Cryptomator encrypts your data quickly and easily, so you can safely upload it to your favourite cloud service. Cryptomator was designed to solve privacy issues when saving files to cloud services. The risk that the cloud provider or third parties access the data stored in the cloud without permission is mitigated. Only people who know the vault password are able to read the files in the vault or change the file contents undetected.
You have several options to install Cryptomator. In the interest of finding the right balance between simplicity and usability, we'll install it via the PPA (personal package archive) provided in the official website. Open a new terminal window and type in the following commands, one at the time:
sudo add-apt-repository ppa:sebastian-stenzel/cryptomator sudo apt update sudo apt install cryptomator
The following is a quick summary of the official getting started documentation, which is quite easy to read and follow.
Once you have Cryptomator installed you can search for it on the main menu. The first time you open it should appear something like this:
You can start by creating a new vault and choosing the option "Create New Vault", and choose a name for it. I will name mine "OneDrive" as I will be using it to encrypt files that I keep in sync with my OneDrive account, although you can certainly use Cryptomator to encrypt files of any other cloud provider i.e., Google Drive, Dropbox, etc...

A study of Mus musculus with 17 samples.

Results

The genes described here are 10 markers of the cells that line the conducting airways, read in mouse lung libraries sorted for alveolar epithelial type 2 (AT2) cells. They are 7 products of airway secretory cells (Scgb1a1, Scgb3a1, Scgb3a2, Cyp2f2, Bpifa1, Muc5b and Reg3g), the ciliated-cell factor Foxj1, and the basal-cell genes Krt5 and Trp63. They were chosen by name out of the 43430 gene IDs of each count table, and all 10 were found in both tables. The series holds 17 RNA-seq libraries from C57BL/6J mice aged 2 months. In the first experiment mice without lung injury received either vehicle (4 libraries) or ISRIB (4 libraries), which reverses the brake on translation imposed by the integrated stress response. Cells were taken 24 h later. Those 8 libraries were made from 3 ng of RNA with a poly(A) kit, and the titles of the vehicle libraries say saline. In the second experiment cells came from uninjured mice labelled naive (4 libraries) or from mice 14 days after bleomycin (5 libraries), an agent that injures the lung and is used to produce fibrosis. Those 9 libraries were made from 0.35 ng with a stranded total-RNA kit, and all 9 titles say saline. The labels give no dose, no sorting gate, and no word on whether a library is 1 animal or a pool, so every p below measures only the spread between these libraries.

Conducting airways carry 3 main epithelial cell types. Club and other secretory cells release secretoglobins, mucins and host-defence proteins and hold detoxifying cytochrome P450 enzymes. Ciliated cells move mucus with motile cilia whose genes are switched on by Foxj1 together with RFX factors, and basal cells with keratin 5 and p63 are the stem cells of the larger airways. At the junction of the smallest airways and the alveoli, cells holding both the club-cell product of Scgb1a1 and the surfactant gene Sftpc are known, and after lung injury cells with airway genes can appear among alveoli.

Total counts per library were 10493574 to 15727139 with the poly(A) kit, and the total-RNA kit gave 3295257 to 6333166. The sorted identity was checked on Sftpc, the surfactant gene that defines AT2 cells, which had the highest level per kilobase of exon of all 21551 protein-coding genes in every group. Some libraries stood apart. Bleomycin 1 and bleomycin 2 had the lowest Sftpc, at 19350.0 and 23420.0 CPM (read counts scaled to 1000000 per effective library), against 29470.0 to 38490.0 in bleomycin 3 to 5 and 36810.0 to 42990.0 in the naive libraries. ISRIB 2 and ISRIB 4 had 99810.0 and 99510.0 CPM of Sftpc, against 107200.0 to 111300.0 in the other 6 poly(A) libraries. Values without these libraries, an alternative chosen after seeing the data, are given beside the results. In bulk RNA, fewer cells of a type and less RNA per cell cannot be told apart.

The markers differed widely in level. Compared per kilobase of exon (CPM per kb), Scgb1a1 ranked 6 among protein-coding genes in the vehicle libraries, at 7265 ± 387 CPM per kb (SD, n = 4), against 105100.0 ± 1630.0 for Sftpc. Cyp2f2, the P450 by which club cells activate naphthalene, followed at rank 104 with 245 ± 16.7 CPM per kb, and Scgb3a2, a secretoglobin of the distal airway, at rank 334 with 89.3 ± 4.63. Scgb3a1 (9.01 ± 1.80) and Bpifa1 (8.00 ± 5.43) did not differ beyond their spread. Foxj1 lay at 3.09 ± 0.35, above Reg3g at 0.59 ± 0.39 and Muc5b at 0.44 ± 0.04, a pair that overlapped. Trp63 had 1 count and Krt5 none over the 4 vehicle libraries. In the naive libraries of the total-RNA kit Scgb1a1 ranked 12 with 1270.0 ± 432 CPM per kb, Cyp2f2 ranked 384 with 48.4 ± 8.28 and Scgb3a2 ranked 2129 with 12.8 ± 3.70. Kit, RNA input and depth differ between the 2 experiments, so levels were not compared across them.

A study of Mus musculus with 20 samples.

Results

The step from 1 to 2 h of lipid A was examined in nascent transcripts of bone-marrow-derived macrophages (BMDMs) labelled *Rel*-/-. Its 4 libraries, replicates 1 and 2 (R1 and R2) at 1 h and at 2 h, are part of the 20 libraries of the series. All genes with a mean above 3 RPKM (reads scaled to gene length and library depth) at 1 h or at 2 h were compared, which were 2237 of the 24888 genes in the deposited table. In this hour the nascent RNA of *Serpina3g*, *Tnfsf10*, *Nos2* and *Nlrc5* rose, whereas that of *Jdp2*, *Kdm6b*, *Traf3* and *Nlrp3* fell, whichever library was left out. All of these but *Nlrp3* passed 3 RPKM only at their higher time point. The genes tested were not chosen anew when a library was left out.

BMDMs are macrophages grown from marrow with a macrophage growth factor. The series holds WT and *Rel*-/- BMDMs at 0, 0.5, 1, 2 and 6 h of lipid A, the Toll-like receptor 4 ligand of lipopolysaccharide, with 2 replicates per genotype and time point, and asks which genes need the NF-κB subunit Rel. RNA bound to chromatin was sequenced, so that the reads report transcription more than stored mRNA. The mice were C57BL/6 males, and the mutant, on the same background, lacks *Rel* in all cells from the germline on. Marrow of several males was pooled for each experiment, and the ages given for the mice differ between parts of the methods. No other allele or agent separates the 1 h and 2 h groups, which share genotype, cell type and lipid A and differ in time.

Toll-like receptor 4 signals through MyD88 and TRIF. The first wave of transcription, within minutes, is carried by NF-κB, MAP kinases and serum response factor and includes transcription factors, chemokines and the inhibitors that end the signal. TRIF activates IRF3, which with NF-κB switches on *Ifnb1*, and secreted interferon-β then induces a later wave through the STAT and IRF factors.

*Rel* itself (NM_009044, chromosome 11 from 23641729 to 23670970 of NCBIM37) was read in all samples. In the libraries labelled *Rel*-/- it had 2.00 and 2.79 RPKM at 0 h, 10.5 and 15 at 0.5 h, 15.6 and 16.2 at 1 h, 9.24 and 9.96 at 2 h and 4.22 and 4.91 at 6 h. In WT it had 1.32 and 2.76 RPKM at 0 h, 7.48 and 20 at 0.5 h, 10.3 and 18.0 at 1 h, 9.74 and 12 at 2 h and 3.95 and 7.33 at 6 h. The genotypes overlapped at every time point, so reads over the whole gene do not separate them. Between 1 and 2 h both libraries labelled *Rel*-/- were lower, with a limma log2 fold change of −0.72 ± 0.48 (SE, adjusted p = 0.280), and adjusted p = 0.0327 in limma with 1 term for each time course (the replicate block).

Then, it will ask where should Cryptomator store the encrypted files for this vault. You should choose the location where you want to keep these files. As expected I will choose the folder that I use/will use to keep my files in Sync with my OneDrive account. Here, Cryptomator was able to recognize and suggest that as an alternative. Your screen may show different options but you will still have the ability to pick one yourself:
Choose a strong password for this vault. The harder to guess, the safer your files will be.
You can optionally choose to generate a recovery key in case you ever forget your password. This recovery key is effectively another password. Copy the output text and keep the file somewhere safe.
Done! After this your vault is created at the specified location.
It's very important to understand that encryption will only apply to those files that are placed inside the vault hereafter. If you already had other files in the chosen directory they won't be immediately encrypted.
To start using the newly created vault, go ahead and select it from the sidebar menu and unlock it using the correct password. This will open a new window on your file explorer with the contents of the vault. You can treat this as any other directory in your system. You can create, delete, modify, drag and drop files, ...
Do not modify the files inside the encrypted folder directly. Always unlock the vault through Cryptomator, and lock it when you are done working with them. For reference, this is how your vault location actually looks like. Just don't modify files in here.
Oops! I naively named my folder the exact same as my synced folder which means that now I have two folders named exactly the same. This may be confusing the first time you see this, perhaps because you were expecting Cryptomator to complete replace it instead.
To avoid any confusion I'm going to change the name of the folder where my encrypted files are to something like "encrypted_files".
This will create a new problem since Cryptomator is looking for a folder with a different name, so you'll have to change the vault location. Go back to Cryptomator and lock the vault if it wasn't already. You should immediately notice an error message with some options to do exactly what we intend to do, which is "Change Vault Location". Click there and navigate to the location of the encrypted files and choose the "masterkey.cryptomator" file.
That's all your vault should be restored.